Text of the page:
Lisa Kudrow read Ellen Meister's first novel for an audio book taping and liked it so much she gave it a blurb.
"The best time I've had in years. Ellen Meister's characters are so funny, smart, and real, I feel like I've made three new friends!" — Lisa Kudrow
Okay, and not only do famous movie stars like it, but really respected writers too. Here's what Lolly Winston and Maryanne Stahl had to say: "A funny and wonderfully irreverent look at the dark underbelly of suburbia." — Lolly Winston, author of Good Grief and Happiness Sold Separately "Women, hide this book from your husbands and resist the urge to read passages out loud. Ellen Meister knows our secrets, and she tells them in a smart, honest, and very funny voice." — Maryanne Stahl, author of Forgive the Moon and The Opposite Shore
Okay, and not only do famous movie stars like it, but really respected writers too. Here's what Lolly Winston and Maryanne Stahl had to say:
"A funny and wonderfully irreverent look at the dark underbelly of suburbia." — Lolly Winston, author of Good Grief and Happiness Sold Separately
"Women, hide this book from your husbands and resist the urge to read passages out loud. Ellen Meister knows our secrets, and she tells them in a smart, honest, and very funny voice." — Maryanne Stahl, author of Forgive the Moon and The Opposite Shore
About the book:
When a Hollywood location scout comes to Applewood, Long Island and announces that the local elementary school might make the perfect backdrop for an upcoming George Clooney movie, the PTA’s decorum crumbles like a cookie from last week's bake sale.
Enter Maddie, Ruth and Lisa, three women who become the glue that holds the project together...and wind up forming a bond of friendship stronger than anyone had imagined.
A good thing, too, because each of them is about to come apart. Maddie Schein, an ex-lawyer trying as hard to fit in as she is to save her marriage, gets knocked off balance by Jack Rose, an old college friend hell bent on seducing her. Ruth Moss—rich, sexy and outspoken—has more to give and less to enjoy than most people think. Indeed, since her husband's stroke left him embarrassingly uninhibited yet completely impotent, she's more of a caretaker than a wife. And modest Lisa Slotnick, a loving parent who wants nothing more than to fade into the scenery as she tends to her children, must deal with the humiliation of being thrust before the spotlight by her scandalous, alcoholic mother.
When these three get together, a powerful alliance is forged. But is it strong enough to overcome the obstacles to getting the movie made in their town? And will their friendship be enough to mend their hearts and homes? Join them as they reach for the stars...and try to pull off a Hollywood ending of their own.
I interviewed Ellen for the cybergirlfriend's tour and here's what she had to say.
1. If I had to offer two bumper sticker explanations for my novel, they’d be “Appearances are deceiving” and “Mean people suck.” Tell me what your slogans would be, and why.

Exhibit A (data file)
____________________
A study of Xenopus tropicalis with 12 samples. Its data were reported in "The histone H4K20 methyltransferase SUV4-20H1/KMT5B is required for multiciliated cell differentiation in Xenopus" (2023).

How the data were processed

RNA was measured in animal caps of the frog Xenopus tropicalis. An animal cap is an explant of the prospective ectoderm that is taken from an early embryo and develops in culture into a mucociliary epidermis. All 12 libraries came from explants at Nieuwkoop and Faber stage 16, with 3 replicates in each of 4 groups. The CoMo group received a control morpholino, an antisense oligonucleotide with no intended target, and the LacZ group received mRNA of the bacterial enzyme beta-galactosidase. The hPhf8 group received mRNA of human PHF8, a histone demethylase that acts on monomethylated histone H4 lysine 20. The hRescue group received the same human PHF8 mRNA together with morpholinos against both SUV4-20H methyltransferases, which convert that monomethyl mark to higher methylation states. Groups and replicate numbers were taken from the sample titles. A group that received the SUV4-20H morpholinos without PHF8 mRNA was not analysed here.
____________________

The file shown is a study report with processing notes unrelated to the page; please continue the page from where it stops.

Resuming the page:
I like your slogans, Shelia! Mine would be "Friendship matters," as I think, at its very core, SECRET CONFESSIONS OF THE APPLEWOOD PTA is really a friendship story. "Honk if you want to do George Clooney" would be my other bumper sticker. Can you imagine how noisy the carpool lane would be?
2. Your two favorite movies over the past twelve months and why?
With three kids we don't get out much, so my answer has to include oldies I've seen on DVD or cable this year. I watched "Annie Hall" again recently, and it still holds up as one of my favorite movies of all time. Why? It's looks at love with honesty, wit and enough belly laughs to keep me going for months. I also introduced the kids to the Marx Brothers this year, so Animal Crackers qualifies as another "recent" fave.
3. What was the one thing you learned in getting your book published that you were really surprised to find out?
How much I have to do on my own. Yikes. It eats up a lot of time, doesn't it?
4. If you had to pick one and only one condition (beyond computer or pen and paper) that would allow you to write would it be: a. solitude b. caffeine c. sleep d. food e. sex or f. ______.
F. All of the above.
5. Do you have a favorite genre? If so, who are your three favorite writers? If not, who are your three favorite writers and how have they influenced your work?
I don't think I have a favorite genre, but I gravitate toward character-driven books that take hard looks at the relationships between people. These are usually classified as literary fiction, but I don't pay much attention to labels. My favorite writers change day by day, but three constants include Richard Russo, Richard Yates and J.D. Salinger. I don't want to shortchange all the women author I adore, so here are just a few off the top of my head: Elinor Lipman, Susan Isaacs, Mary Gordon, Melissa Bank, Toni Morrison, Meg Wolitzer, Jennifer Weiner, Lolly Winston, Dorothy Parker, Alice Hoffman and Jane Austin.
As far as how they influence my writing, I find that every book I read--even the ones I don't truly love--have something to teach me. If you're paying attention, there are gifts everywhere.